I was flipping through Mental Floss magazine some years ago and noticed that they listed Leonid Brezhnev as leader of the Soviet Union from 1977 to 1982. I guess that’s technically true, but he actually ruled the Russian roost quite a bit longer, starting in 1964 when he ousted Khrushchev. I didn’t have to look up these dates. I was alive during Brezhnev’s reign and remember it well. Give that monobrowed, medal-wearing bastard some credit, with an 18 year stint, Brezhnev ruled the Soviet Union longer than anyone except Stalin.
This isn’t trivia, like “who is the prime minister of Canada?” The Soviet Union was our number one enemy for a long, long time. In the 60 years between 1922 and 1982 they only had five rulers (Lenin, Stalin, Malenkov, Khrushchev, and Brezhnev). It’s not that hard to keep them straight.
Everyone makes mistakes, Mental Floss, but you’re not off by a little. You’re off by 13 years on something that happened in my lifetime. That would be like me telling my dad that World War II started in 1926.
Furthermore, Mental Floss is a magazine that prides itself on being by and for smarty-pants (motto, “Where Knowledge Junkies Get Their Fix”). So I wrote Neely Harris, the editor, and let her know the actual dates so they could publish a correction in their next issue.
What does she come back with?
“Sorry, Steve, I asked my fact-checker about this and he seems to disagree with you. Thanks for writing in.”
Okay. To put it gently, your fact-checker probably shouldn’t sit by the phone waiting for a call from the MacArthur Foundation Genius Grant Committee.
Here’s another example of spurious information in magazines. Last month I came across this graphic in Fast Company magazine — a tribute of sorts to some of MIT’s most famous alumni in honor of MIT’s 150th birthday. There, on the bottom, am I.
“Steve Altes, ’84 (Brad Pitt’s body double)”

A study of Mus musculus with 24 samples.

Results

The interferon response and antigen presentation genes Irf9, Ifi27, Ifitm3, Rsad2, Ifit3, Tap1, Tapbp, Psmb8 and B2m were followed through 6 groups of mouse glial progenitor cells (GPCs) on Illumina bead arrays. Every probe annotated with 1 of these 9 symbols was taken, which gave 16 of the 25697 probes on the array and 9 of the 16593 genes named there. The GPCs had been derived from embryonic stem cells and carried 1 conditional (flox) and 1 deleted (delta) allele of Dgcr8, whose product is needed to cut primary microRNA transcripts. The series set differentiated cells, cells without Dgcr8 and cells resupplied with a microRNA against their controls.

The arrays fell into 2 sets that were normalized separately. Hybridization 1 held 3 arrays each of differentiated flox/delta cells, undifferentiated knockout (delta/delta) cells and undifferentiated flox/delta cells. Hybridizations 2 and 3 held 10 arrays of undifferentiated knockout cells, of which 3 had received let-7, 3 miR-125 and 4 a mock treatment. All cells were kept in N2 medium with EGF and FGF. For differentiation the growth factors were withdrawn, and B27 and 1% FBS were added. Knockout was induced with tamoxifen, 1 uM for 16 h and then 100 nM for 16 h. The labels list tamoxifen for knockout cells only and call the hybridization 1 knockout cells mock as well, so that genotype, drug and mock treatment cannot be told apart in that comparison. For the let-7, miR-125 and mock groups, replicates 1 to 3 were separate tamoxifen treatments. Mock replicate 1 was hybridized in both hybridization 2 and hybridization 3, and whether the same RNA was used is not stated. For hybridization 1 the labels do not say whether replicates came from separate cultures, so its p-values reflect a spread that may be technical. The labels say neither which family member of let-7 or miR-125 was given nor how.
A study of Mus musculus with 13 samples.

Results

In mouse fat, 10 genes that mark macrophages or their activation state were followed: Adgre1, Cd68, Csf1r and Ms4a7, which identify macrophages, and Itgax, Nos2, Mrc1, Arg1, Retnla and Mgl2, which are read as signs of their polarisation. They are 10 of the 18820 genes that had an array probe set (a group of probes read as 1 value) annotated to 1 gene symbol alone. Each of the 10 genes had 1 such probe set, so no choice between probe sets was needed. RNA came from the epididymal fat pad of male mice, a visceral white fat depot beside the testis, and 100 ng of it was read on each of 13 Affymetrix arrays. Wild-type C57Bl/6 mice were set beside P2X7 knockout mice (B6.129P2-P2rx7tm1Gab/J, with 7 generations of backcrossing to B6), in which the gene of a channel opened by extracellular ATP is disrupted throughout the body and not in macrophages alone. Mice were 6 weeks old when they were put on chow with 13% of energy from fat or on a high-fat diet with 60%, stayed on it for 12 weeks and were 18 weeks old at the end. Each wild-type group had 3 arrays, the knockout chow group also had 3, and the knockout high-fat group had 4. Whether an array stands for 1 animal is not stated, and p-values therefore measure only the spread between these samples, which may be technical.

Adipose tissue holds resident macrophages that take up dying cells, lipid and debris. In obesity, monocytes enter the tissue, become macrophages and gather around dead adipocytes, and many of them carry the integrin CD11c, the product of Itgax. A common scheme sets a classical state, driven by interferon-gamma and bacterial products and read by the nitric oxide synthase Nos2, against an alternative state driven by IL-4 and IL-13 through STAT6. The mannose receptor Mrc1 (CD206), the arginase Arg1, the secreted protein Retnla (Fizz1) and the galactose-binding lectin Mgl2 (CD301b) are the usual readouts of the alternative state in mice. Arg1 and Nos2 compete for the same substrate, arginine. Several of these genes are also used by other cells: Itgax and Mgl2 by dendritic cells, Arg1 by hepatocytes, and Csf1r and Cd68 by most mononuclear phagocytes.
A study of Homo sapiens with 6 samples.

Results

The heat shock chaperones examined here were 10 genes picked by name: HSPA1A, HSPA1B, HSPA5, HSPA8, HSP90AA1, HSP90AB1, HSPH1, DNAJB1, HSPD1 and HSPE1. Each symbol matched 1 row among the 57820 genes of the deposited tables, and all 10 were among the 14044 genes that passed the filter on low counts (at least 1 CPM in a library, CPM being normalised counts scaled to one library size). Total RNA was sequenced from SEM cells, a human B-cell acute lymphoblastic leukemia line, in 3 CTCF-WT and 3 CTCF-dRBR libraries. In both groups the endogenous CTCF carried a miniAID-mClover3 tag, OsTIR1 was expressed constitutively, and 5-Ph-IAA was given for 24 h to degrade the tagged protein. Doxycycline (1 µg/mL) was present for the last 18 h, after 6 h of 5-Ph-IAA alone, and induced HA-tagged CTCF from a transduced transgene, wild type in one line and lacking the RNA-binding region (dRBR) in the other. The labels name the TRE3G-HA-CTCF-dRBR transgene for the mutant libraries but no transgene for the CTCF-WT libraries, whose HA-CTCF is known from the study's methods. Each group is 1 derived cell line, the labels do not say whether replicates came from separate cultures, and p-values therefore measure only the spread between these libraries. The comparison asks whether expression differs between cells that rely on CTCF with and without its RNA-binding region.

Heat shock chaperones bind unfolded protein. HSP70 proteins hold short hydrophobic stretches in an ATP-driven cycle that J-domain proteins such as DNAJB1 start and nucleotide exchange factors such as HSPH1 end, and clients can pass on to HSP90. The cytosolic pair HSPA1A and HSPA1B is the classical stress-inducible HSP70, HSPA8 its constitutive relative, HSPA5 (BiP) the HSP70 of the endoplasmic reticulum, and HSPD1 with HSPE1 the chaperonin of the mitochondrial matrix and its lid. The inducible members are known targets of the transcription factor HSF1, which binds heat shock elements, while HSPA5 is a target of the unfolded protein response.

Which would be nice, of course, if it were true. So why does the world think I belong in the same distinguished company as Buzz Aldrin, Benjamin Netanyahu, and Larry Kahn (world tiddlywinks champion)?
In the 1990s I worked as a stand-in and photo double for Brad Pitt on the movies “The Devil’s Own” and “Sleepers.” I wrote an article about the experience for the Washington Post. That led to my being asked to speak at a career panel at MIT. The gal handling publicity for the panel kept confusing photo doubling with body doubling. Definitions appear at the bottom of this post, but one key difference is photo doubles work with clothes on and body doubles generally work naked. I was very careful to explain the difference, but it was no use. Posters on campus proclaimed me to be Brad Pitt’s body double. I guess it helped drum up attendance.
MIT’s Admissions Office latched onto the wrong info and published it in a guide to MIT, which was widely circulated, and other people who’ve written about me continue to perpetuate it.
And now that Google’s auto-complete search results link me to Pitt ahead of anything else, there’s probably no killing this myth. I’ve done a lot of things in my life, but the thing I’m most famous for is something I never did. By the way Google, what’s this “Steve Altes Show” you’re plugging? That sounds like something I’d watch.
In case you’re curious, here are some definitions (courtesy of Wikipedia).
A stand-in substitutes for the actor before filming, for technical purposes such as lighting. Lighting can be a slow and tedious process. During this time the actor will often be somewhere else. Stand-ins allow the director of photography to light the set and focus scenes. The director will often ask stand-ins to deliver the dialogue and walk through the scene to be filmed.
A photo double will be seen on camera during the movie. Some of these double-acted scenes could be long establishing shots or quick close-up shots involving only an actor’s body parts. The photo double must say the dialogue with the same timing as the lead actor and reproduce the exact physical actions in coordination with the other principal actors in that scene.
A body double substitutes for the credited actor, most commonly in the context of shots involving nudity.